James Caan: From A Mobster To A Romance Writer
James Caan has had quite the career, appearing not only in more than 70 films, but also acting on stage and on television. James Caan was born in the Bronx and grew up in Queens. His parents were Jewish immigrants from Germany, and his father worked as a meat dealer and butcher. He began college at Michigan State University and transferred to Hofstra, where his classmates included Francis Ford Coppola, but Caan did not graduate. He did, however, graduate from New York City’s Neighborhood Playhouse School of the Theater, after studying there for five years.
The Beginnings Of His Career
Caan’s career then began in off-Broadway plays, like La Ronde, and his Broadway debut came in Blood, Sweat and Stanley Poole. He had his first big screen appearance in 1963 in an uncredited role as a sailor in Irma la Douce, and his first substantial role came in 1964 in Lady in a Cage. In this film, he played a hoodlum whose eyes get poked out. He also had television roles, including The Untouchables and Wide Country. Throughout the ‘60s, he was in a number of films, including El Dorado with John Wayne and Robert Mitchum, gradually receiving better billings, and then in 1969, he was in Coppola’s The Rain People with Robert Duvall and Shirley Knight. Caan received praise for his performance as a brain-damaged football player in this film. In 1970, he had the lead role in Rabbit, Run, based on John Updike’s novel of the same name. However, this film, like many of the others he performed in, was not a box office success. In 1971, he decided to return to television in Brian’s Song. At first, he turned down the role, but then he read the script. His performance as Brian Piccolo, a dying football player, led to an Emmy nomination.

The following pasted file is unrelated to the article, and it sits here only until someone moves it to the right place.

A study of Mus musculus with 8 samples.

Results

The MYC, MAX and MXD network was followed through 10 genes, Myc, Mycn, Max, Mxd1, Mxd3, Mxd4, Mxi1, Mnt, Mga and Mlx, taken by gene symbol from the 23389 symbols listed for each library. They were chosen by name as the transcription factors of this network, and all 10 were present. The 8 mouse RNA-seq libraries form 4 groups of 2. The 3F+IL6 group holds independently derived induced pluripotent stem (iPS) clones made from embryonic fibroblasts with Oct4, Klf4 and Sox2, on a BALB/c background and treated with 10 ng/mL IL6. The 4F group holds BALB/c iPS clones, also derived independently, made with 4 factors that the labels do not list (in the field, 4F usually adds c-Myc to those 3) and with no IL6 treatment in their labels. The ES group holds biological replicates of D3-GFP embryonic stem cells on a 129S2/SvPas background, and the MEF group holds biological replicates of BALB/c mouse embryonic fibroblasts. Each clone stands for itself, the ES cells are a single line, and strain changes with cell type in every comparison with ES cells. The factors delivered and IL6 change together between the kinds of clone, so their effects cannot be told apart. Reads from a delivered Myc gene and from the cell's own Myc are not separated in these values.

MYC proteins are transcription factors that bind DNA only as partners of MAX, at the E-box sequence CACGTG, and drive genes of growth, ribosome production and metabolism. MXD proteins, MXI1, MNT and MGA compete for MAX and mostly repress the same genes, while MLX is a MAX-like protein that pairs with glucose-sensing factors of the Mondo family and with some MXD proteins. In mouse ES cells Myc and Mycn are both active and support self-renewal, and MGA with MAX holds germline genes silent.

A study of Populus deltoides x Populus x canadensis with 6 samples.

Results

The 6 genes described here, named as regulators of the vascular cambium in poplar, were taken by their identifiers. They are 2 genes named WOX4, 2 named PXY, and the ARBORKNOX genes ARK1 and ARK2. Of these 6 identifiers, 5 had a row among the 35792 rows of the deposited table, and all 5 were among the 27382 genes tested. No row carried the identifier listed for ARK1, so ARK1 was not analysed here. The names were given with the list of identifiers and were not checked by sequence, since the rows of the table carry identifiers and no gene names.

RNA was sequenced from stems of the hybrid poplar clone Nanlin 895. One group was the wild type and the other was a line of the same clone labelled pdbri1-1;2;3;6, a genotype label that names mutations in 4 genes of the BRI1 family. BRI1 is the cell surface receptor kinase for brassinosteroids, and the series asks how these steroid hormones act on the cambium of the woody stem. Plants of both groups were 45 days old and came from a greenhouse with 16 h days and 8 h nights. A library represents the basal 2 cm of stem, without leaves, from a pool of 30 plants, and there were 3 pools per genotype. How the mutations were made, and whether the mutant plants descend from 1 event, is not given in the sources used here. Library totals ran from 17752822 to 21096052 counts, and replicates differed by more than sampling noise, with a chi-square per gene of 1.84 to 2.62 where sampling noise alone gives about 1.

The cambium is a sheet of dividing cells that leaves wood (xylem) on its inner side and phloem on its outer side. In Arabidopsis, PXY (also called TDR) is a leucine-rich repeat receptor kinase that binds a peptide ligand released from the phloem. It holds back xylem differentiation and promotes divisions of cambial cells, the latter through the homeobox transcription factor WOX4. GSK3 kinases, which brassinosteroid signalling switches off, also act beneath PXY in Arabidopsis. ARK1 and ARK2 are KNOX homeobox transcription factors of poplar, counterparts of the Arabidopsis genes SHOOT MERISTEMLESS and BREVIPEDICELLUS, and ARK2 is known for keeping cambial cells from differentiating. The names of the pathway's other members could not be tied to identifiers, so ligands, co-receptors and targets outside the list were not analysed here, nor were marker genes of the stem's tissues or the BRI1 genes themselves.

Becoming A Wiseguy
His second Emmy nomination came the next year, for his role as Sonny Corleone in The Godfather. Caan, who was originally cast as Michael Corleone, Sonny’s youngest brother, demanded the role of Michael go to Al Pacino; Caan wanted to play Sonny. Caan spent time with Carmine Persico, a mafioso who went on to become the head of the Colombo crime family, and government agents briefly assumed that he was not an actor, but an aspiring mobster. The role also had other consequences; he may be the son of Jewish immigrants from Germany, but the role helped to define him. According to Caan, "They called me a wiseguy. I won Italian of the Year twice in New York, and I'm Jewish, not Italian.... I was denied in a country club once. Oh yeah, the guy sat in front of the board, and he says, 'No, no, he's a wiseguy, been downtown. He's a made guy.' I thought, What? Are you out of your mind?"
Returning To Acting After A Hiatus
From 1982-1987, he took a hiatus as he coped with the death of his sister from leukemia, problems with cocaine, and, as he has said “Hollywood burnout.” During this time, he coached his son’s Little League team, and he considered retiring, but decided to return to acting because he needed the money. When he did return, it was as an army platoon sergeant in Gardens of Stone. However, his big comeback came as Paul Sheldon, who is tormented by his nurse in Rob Reiner’s adaptation of Stephen King’s Misery (1990). This was followed by Honeymoon in Vegas (1992), and Mickey Blue Eyes (1999); in both comedies, he played a gangster. And, of course, he had a supporting role in Elf (2003). He played the role of “Big Ed” Deline in Las Vegas (2003-2008) and gave his voice to the character of Tim Lockwood in Cloudy with a Chance of Meatballs (2009) and its sequel in 2013.
Acting With His Son
He has been married four times and fathered five children. His son, Scott, has followed in his father’s footsteps, and Caan has acted alongside him in A Boy Called Hate (1995), and as a guest star in the re-imagined Hawaii Five-0.